St Albans sewing circle stitches up stashes of NHS scrubs and hats
- Credit: Archant
A group of enthusiastic volunteers formed a St Albans sewing circle to take up the challenge of producing much-needed hats for a care home.
Members of the newly-formed Salisbury Avenue Sewing Circle dusted off their sewing machines and set to work making 85 hats.
The group was set up by physiotheraphist Ann Owen, who was furloughed from her job as a disability needs assessor, after she realised she needed to fill her newfound time with something constructive. In a flair to re-ignite her love of crafting skills, Ann shortly established the group to bring likeminded neighbours together to sew laundry bags, and then scrub hats for NHS workers.
To date, the group has over 10 people involved and their usual day jobs are diverse; some prefer to sew, others to cut fabric – but all worked to their strengths to achieve the best result.
Donations of linen and material have been given by neighbours and friends in a spirit of team work, community and comradery.
Other comments from members included: “I loved being part of the group without having to sew!” and “I enjoyed brushing up my dressmaking skills and doing something to help during this crisis”.
Once the items are made, another member, Liz Lincoln, is involved with taking them for distribution and for sourcing further orders. Other members of the group have been involved with transforming duvet covers into scrubs. Hilary Dempsey, Tersia Zondagh and Jane Lloyd have been adapting patterns until the scrubs are fit for purpose.
Liz said: “It has been really nice to fill my time with helping other people. I work at a local school as a teaching assistant and much of our work has been moved online, so it feels good to be part of a group which is doing something creative to benefit others.”
Fiona Clark, who works at Luton aerospace engineering company Leonardo, signed up in support of her daughter Ella, who will shortly be joining 10,000 final year student NHS midwives and nurses who will start working on the frontline of healthcare for the very first time.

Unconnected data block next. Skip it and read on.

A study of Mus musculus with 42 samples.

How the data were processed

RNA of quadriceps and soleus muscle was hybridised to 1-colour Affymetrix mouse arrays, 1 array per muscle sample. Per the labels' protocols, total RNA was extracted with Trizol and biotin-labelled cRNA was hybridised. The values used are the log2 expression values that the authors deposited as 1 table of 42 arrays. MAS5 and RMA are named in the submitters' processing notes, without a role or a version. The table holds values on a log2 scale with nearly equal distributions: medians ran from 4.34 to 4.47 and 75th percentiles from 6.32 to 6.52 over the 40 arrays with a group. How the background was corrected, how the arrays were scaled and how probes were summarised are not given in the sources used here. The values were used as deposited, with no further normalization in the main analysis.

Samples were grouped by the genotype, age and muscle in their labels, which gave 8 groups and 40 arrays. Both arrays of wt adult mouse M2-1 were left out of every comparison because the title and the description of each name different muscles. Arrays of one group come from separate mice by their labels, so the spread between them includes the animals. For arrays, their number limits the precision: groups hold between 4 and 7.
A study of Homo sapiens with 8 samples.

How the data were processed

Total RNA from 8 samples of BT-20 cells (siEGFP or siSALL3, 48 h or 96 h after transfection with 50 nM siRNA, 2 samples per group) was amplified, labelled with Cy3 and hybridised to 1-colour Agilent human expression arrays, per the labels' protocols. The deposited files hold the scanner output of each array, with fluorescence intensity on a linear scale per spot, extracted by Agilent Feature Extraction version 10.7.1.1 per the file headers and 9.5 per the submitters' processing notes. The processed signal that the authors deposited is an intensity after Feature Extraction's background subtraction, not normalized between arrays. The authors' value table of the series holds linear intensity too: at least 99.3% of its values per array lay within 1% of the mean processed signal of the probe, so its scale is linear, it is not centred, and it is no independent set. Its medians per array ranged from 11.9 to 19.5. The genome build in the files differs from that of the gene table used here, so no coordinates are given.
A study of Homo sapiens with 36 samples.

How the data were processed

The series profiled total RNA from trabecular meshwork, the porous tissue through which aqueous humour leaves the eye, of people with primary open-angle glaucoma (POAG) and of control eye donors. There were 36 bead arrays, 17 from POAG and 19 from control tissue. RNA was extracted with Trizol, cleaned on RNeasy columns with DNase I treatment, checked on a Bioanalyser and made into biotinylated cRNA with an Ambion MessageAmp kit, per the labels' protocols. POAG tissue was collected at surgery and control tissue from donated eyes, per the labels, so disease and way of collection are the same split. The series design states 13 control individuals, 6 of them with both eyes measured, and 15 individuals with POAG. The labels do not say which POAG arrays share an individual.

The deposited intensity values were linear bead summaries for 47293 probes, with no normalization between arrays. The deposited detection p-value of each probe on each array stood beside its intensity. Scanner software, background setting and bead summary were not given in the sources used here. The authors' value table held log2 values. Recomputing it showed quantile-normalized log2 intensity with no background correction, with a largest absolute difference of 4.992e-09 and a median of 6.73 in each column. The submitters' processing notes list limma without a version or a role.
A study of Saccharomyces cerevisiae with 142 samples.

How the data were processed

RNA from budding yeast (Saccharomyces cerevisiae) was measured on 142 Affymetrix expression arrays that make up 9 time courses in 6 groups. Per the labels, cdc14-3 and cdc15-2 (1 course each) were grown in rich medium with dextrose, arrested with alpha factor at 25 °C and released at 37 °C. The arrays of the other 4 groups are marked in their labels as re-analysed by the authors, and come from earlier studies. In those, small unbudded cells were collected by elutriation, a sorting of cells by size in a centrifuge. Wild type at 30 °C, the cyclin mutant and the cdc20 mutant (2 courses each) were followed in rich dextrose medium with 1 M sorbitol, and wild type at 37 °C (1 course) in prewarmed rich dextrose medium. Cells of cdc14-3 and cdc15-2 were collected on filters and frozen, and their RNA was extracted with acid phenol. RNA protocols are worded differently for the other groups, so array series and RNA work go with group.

She said: “From our WhatsApp community of 40 or so households, the group has brought together around a dozen people who range in age from 20 to over 80 years of age, with everyone pulling together to do what they can for NHS workers and carers. They are in our thoughts on a daily basis and doing something simple like providing laundry bags for NHS workers and carers feels like a very small thing to do, but we want to help.
“The daughter of group member Janice Cook is a frontline worker herself, and she approached her mother’s group suggesting the creation of the reassuring NHS bears, so Ann and Liz soon began to crochet the bears for the children of key workers.
“Lots of young children have mums and dads going to hospital every day and not coming home because they are self-isolating away from their families to protect them, so we wanted to give them toys they can cuddle while their parents are away.”
Ann added: “What I like about it is approaching the whole street for supplies and we just drop things off between the houses on the street so there is a lot of doorstep dropping which has been wonderful. Only today someone dropped off a supply of linen and there has been a lot of camaraderie and a sense of kinship which comes from a common goal. It has extended my skill set and I think our respective strengths come to the fore when we are working together. People’s generosity and kindness has shone through.
“It is a project that we all have enjoyed doing, with an underlying sense of gratitude towards our NHS staff and other carers. We all felt that we could do a little bit to help at this time of national need!”